Activewear brand Varley doesn’t want to be known for just leggings and sports bras with pretty prints.
The company, with offices in London and Los Angeles, is making moves to distinguish itself from the competition with the release of its Collection 2, or C2, by playing up its technical fabrications and its line’s wide-ranging uses for workouts or everyday life. Like many in the space, it’s hoping to not get pigeonholed in what is now a crowded ath-leisure and activewear space.
“I think when we started here the marketplace was much narrower. There weren’t as many brands out there doing or offering what we were doing,” Varley chief executive officer and founder Lara Mead said. “All of a sudden we had the ath-leisure boom and Varley kind of got washed up in that.”
To remain competitive, the company is looking to hammer home the point to consumers that its offering isn’t just workout gear and can be for everything from walking the dog or running a marathon, with its technical fabrics that offer moisture wicking, compression and four-way stretch.
“We were just worried that people weren’t aware of that,” Mead said.
C2’s launch now categorizes the offering into four buckets it’s calling Performance for intense workouts, Surf for water sports, Flow for pilates and yoga, and Revive for pre- or post-workouts.
The company has still managed growth even with increased competition.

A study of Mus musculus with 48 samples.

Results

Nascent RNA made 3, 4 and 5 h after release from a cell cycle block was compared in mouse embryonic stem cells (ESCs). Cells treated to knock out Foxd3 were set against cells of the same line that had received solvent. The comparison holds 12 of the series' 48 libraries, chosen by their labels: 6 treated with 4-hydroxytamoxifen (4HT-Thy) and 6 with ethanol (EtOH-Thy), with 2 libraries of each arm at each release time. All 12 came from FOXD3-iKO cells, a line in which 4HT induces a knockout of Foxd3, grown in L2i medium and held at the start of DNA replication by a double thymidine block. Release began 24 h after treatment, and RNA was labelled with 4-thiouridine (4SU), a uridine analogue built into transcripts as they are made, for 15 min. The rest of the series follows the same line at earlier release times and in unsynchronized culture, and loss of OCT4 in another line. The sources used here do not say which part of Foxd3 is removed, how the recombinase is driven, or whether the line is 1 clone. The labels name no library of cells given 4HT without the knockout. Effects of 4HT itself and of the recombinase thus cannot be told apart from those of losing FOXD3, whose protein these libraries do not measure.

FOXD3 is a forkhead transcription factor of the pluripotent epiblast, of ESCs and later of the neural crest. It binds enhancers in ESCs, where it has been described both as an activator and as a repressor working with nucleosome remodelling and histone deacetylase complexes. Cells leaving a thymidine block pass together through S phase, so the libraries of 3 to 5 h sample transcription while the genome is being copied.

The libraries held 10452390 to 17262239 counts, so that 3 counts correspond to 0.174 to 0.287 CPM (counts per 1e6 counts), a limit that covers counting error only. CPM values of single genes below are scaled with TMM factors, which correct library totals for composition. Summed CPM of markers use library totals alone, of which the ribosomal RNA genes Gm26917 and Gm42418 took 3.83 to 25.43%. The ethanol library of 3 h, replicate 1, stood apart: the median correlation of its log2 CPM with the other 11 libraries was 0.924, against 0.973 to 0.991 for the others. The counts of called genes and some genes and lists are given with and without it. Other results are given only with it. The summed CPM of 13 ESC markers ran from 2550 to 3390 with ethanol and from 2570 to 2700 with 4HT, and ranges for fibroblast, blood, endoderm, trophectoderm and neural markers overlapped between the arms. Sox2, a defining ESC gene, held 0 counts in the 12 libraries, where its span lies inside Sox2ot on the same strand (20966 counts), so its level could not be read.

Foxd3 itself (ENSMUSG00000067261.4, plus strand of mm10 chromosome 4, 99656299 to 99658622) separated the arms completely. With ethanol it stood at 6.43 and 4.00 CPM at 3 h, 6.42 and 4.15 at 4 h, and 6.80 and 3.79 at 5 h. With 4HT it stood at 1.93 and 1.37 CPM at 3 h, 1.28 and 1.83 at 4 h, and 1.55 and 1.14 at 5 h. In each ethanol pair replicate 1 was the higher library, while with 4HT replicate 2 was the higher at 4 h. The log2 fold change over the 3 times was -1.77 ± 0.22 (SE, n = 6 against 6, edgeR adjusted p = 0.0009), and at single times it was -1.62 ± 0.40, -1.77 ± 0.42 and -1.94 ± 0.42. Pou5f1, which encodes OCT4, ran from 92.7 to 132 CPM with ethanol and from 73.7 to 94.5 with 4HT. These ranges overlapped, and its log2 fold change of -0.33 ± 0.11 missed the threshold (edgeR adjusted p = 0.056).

Sales for Varley, self-funded and wholly owned by Mead and her husband, are expected to about double in 2017 from the prior year to more than $7 million. That projection is led by an increase in accounts, order sizes from existing retail partners and more business on the Varley online site.
About six months ago the company reworked the web site’s backend functionality to make it easier for consumers to shop the site as well as adding more content. It has helped that the brand has been seen on celebrities such as Rosie Huntington-Whiteley, Joan Smalls, Alessandra Ambrosio, Kylie Jenner and Khloé and Kourtney Kardashian.
Varley is in more than 500 stores globally.
The company, with about 15 workers, could see opening its own stores in the future. But for now, it’s focused on monitoring the extent to which sales grow online.
Up next for the brand is expansion into what Mead said is a whole “new product category” that would make the company “a true lifestyle brand.” That launch is timed for a November release.